The African Export-Import Bank (Afreximbank) has staked US$6 billion in development financing to strengthen Africa’s food security prospects which has faced severe challenges due to climatic changes heightened by geo-political conflicts, Oluranti Doherty, Director of Export Development at the Bank, said in Accra today.
Ms. Doherty, who was participating in a panel discussion on “Overcoming the challenges of food security for sustainable development in Africa” at the ongoing Afreximbank Annual meetings (AAM2023), said that the Bank had also released more than US$700 million to support the setting up of special economic zones (SEZs), industrial and agro parks in several of its member countries.
She said that with food insecurity constituting a major challenge to Africa’s economic independence and growth, Afreximbank was reinvigorating its approach to supporting the continent to achieve self-sufficiency in food production.
“At Afreximbank, we are firmly convinced that industrial parks and SEZs are critical tools the continent can deploy to fast-track its agricultural development, promote intra-African trade and facilitate export development,” she said. “This is a priority for the Bank as it remains pragmatic in providing workable solutions to challenges facing its member countries”.
Also speaking, Dr. Josefa Sacko, African Union Commissioner for Agriculture, Rural Development, Blue Economy and Sustainable Development, called for the implementation of the 2014 Malabo Declaration on Accelerated Agricultural Growth and Transformation for Shared Prosperity and Improved Livelihoods, which set a targeted approach to achieving the continent’s aim of food security and sustainability for economic growth and poverty reduction.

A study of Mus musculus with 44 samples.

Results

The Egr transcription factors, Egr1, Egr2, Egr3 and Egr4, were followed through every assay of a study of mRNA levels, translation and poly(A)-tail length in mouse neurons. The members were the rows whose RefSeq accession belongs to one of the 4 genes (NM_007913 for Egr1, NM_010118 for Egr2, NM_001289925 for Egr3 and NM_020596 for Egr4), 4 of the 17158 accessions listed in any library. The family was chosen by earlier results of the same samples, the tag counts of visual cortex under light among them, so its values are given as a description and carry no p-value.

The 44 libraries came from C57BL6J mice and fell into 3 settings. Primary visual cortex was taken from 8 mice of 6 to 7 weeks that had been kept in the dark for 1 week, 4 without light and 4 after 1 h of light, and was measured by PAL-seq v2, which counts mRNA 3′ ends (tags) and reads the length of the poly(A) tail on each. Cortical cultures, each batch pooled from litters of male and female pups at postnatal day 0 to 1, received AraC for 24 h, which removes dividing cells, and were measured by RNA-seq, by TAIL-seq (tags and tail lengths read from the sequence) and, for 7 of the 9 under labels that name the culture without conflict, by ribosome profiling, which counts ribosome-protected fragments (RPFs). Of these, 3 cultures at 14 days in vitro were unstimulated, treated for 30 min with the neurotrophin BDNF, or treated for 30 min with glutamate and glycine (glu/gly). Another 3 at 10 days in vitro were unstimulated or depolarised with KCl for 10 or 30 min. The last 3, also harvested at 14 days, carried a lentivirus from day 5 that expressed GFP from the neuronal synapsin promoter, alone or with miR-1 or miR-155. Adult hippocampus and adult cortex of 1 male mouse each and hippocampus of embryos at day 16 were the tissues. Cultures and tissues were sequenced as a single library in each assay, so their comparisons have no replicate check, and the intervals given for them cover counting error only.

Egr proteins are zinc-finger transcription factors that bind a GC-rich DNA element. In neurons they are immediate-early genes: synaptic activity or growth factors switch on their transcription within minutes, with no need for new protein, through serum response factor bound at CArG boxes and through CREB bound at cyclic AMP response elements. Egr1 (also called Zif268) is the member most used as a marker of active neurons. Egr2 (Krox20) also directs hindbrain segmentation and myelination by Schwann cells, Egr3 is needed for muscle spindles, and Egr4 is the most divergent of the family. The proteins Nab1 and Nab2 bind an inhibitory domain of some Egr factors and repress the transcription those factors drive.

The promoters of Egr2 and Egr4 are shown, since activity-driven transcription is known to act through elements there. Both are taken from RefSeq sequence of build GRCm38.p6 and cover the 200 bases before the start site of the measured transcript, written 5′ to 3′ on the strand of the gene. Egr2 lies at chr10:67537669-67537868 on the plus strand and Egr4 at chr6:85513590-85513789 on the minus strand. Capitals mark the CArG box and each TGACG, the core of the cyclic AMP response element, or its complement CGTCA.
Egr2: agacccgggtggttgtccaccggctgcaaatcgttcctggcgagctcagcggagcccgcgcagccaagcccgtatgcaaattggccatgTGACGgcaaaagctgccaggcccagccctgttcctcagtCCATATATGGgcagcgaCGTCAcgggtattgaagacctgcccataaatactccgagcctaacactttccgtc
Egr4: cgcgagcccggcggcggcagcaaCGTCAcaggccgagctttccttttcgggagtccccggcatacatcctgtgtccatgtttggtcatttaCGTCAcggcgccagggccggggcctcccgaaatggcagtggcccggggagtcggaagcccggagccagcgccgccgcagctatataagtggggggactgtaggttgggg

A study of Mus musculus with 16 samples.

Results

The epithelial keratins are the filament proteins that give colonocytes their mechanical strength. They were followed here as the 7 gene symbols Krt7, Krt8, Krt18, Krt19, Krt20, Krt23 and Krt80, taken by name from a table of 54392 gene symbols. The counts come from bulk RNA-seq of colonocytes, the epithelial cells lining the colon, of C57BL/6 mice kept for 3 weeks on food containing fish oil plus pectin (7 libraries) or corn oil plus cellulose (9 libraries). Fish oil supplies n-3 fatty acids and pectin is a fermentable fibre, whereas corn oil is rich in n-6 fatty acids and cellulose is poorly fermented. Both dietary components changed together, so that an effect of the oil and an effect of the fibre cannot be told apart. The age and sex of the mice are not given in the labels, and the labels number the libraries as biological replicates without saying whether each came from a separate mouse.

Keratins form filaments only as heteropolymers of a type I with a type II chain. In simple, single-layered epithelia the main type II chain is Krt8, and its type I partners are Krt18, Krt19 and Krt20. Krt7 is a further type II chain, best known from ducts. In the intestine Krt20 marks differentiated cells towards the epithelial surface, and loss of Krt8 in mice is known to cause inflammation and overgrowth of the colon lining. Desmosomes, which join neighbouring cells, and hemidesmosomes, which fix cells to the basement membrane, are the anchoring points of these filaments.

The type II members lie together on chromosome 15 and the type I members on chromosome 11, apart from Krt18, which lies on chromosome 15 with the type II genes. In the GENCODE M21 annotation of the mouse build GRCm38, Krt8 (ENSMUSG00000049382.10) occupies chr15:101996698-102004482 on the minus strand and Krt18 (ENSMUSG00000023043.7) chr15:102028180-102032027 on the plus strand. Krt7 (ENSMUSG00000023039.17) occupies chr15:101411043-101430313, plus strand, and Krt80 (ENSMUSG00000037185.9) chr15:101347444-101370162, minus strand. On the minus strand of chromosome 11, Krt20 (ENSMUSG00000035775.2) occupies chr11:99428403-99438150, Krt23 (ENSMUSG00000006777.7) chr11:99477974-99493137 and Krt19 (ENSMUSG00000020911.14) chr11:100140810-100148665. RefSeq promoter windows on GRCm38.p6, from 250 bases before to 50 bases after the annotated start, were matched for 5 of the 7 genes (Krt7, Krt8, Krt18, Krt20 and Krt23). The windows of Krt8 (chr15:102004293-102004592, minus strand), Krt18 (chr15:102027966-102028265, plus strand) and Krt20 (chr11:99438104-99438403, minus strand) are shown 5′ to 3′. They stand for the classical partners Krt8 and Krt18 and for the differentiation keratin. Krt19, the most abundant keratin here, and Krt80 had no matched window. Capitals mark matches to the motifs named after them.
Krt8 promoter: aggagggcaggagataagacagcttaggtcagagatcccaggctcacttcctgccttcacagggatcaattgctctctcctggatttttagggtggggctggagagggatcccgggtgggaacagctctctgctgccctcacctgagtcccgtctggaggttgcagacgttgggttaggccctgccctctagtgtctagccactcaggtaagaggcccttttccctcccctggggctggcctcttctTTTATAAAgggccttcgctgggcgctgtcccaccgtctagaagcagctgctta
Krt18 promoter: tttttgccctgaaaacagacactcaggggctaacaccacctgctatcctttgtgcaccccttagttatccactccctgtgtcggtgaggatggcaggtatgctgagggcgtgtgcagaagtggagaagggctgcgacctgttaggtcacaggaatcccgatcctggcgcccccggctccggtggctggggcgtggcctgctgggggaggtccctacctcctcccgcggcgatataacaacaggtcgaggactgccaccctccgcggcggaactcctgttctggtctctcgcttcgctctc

Noting that Africa boasted of abundant aquatic resources, over 60 per cent of uncultivated arable lands and a young population, Dr. Sacko said that what remained was the effective implementation of such policies as the Malabo Declaration.
She commended Afreximbank for the role it was playing to help make Africa a sustainable and food secure continent and expressed regret that, at the moment, 38 African countries were net importers of food. That situation called for urgent action from every player.
“We cannot be food secure in a conflict-filled environment,” said Dr. Sacko. “Let us silence guns all over Africa, implement already generated policies around sustainability for profitable agriculture and watch as the continent becomes the world’s food basket.”
Also participating in the panel were Hardy Pemhiwa, President and CEO of Cassava Technologies, and Dr. Yemi Akinbamijo, Executive Director, Forum for Agricultural Research in Africa.
AAM2023, which ends on 21 June, is being attended by political and business leaders, bankers and other trade and trade finance practitioners from across Africa and beyond, including leaders of several member countries of the Caribbean Community.